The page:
Egyptian youth leaders moved to set up a new political party on Thursday in the post-Mubarak era while a committee worked on changing the constitution to prepare for elections promised by military rulers within six months.

The Higher Military Council that took over after the overthrow of Hosni Mubarak, 82, was under pressure on Thursday from activists demanding the immediate release of political prisoners and the lifting of emergency rule.

Pro-democracy leaders plan to bring one million people out on the streets for a Victory March on Friday to celebrate his ouster, and perhaps remind generals of the power of the street. The military was setting a strategy on Thursday for policing it.

Life in Egypt is still far from normal six days after the momentous overthrow of Mubarak, 82, with tanks on the streets of Cairo, banks closed, worker protests and demonstrations given voice by revolutionary fervour and schools shut down.

We are in a test that we have yet to come out of. Are you pleased by the strikes, sit-ins, the closed factories, the banks that are not working? army spokesman General Ismail Etmaan said on state television late on Wednesday night.

The Higher Military Council will put matters back on track, but help us, he said. The armed forces do not have future ambitions and want to hand power to the civilian parties when they are strong so that they don't collapse.

ONE LESS HEADACHE

The cancellation of plans by two Iranian naval vessels to pass through the strategic Suez Canal removed on Thursday a potential foreign policy headache for the military.

Its top priorities after suspending the constitution are restoring law and order and reviving the economy, which was damaged by the 18-day revolution, but the issue of the Iranian warships had threatened to become a distraction.

Israel's foreign minister had called the proposed passage a provocation, and its go-ahead could have put Egypt, a key ally of the United States which has a peace treaty with Israel, in an awkward diplomatic position.

An ailing Mubarak, holed up with his family in the Red Sea resort of Sharm el-Sheikh, is still coming to terms with the tumultuous events that unseated him and is apparently shunning exile and vowing to live and die on Egyptian soil.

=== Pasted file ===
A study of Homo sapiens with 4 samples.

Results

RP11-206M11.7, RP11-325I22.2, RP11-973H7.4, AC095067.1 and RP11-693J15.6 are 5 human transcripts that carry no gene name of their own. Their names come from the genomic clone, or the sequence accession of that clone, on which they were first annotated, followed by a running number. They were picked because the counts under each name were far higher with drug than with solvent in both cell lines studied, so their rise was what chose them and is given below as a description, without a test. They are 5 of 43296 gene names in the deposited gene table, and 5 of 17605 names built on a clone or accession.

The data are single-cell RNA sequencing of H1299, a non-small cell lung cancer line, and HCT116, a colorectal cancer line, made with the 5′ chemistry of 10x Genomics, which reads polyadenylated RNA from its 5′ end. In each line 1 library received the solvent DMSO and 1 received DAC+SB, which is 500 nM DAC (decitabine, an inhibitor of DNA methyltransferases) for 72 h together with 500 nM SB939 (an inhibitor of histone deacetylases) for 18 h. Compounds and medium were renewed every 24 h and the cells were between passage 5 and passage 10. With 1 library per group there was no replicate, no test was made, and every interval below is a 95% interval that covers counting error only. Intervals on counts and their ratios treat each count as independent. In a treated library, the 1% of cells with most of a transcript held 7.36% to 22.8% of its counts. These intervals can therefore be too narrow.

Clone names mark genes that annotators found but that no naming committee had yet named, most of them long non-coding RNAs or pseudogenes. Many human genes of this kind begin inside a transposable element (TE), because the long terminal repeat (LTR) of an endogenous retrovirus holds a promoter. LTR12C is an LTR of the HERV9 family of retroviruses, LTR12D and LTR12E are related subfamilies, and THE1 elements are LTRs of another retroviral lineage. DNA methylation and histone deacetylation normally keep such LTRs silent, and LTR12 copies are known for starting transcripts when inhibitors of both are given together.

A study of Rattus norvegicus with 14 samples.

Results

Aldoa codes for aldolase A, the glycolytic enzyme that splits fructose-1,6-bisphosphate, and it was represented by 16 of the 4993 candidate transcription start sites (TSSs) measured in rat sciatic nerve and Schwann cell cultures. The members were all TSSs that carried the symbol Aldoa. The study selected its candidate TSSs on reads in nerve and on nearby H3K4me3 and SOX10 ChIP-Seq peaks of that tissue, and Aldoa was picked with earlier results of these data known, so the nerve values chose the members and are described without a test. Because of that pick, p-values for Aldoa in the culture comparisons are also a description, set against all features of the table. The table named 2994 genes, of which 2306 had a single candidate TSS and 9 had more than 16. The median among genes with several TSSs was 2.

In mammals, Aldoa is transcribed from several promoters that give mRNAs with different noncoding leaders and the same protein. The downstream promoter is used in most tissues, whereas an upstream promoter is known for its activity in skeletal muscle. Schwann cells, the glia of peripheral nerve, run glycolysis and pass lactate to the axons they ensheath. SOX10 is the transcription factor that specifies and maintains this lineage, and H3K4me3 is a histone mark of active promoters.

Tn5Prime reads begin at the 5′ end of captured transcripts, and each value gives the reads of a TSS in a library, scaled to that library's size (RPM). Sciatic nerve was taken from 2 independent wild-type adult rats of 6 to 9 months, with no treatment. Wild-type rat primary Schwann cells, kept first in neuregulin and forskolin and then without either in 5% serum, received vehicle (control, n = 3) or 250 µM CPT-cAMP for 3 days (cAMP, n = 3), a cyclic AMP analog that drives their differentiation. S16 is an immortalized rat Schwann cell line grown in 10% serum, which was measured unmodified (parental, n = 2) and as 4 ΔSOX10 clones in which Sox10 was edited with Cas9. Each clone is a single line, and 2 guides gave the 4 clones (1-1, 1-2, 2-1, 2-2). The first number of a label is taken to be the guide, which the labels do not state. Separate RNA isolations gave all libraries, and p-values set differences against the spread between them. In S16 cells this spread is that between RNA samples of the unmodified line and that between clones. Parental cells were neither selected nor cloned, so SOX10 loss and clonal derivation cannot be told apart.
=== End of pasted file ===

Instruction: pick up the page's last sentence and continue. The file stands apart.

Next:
The momentous revolt that ended 30 years of iron rule by Mubarak has sent shock waves around the Middle East. Bahraini police stormed a protest camp in the capital Manama early on Thursday, killing at least three people, and there has been trouble on the streets of Iran, Libya, Iraq and Yemen.

The upheaval in Egypt has caused concern in Israel and Washington, suspicious of the rise of the Islamist Muslim Brotherhood, a mass organisation that is sure to play a key role in the future of modern Egypt.

A committee, which includes a member of the Brotherhood, Sobhi Saleh, as well as legal and constitutional experts, was meeting on Thursday as the military dismantles the mechanism that kept Mubarak's autocratic rule in place.

Saleh said on Wednesday the military council had pledged to lift emergency laws before parliamentary and presidential elections are held. It was not immediately possible to confirm whether the council had given such a guarantee.

Some secular leaders fear that racing towards elections in a nation where Mubarak suppressed most opposition activity may hand an edge to the Brotherhood, banned under Mubarak.

The military council has already dissolved parliament and suspended the constitution and now the committee must hammer out new amendments, likely to shorten presidential terms and ensure fair election rules, that must be ready in 10 days.

As part of a transition to democracy and civilian rule, the nation will vote in a referendum on the amendments prior to parliamentary and presidential elections within six months.

CHILDREN OF THE REVOLUTION

Uncertainty remains over how much influence the military will seek to exert in reshaping a corrupt and oppressive ruling system which it has propped up for six decades.

Members of the new pro-democracy Council of Trustees of the Revolution appeared at a news conference in downtown Cairo on Wednesday night to say its goal was to unite ranks, protect the revolution and open a dialogue with the military.

Existing registered parties are mostly small, weak and fragmented. The Muslim Brotherhood, which under the now suspended constitution could not form a party, may be the best organised group, but its true popularity has yet to be tested.

With no clear leaders, the youth movement that was pivotal to the revolution due to its use of social networking sites to organise protests is seeking to overcome splits and expects to announce a timetable for a new political party on Thursday.

The U.S. Treasury on Wednesday told American banks to closely monitor transactions related to ousted Egyptian officials for any signs state assets were being misappropriated.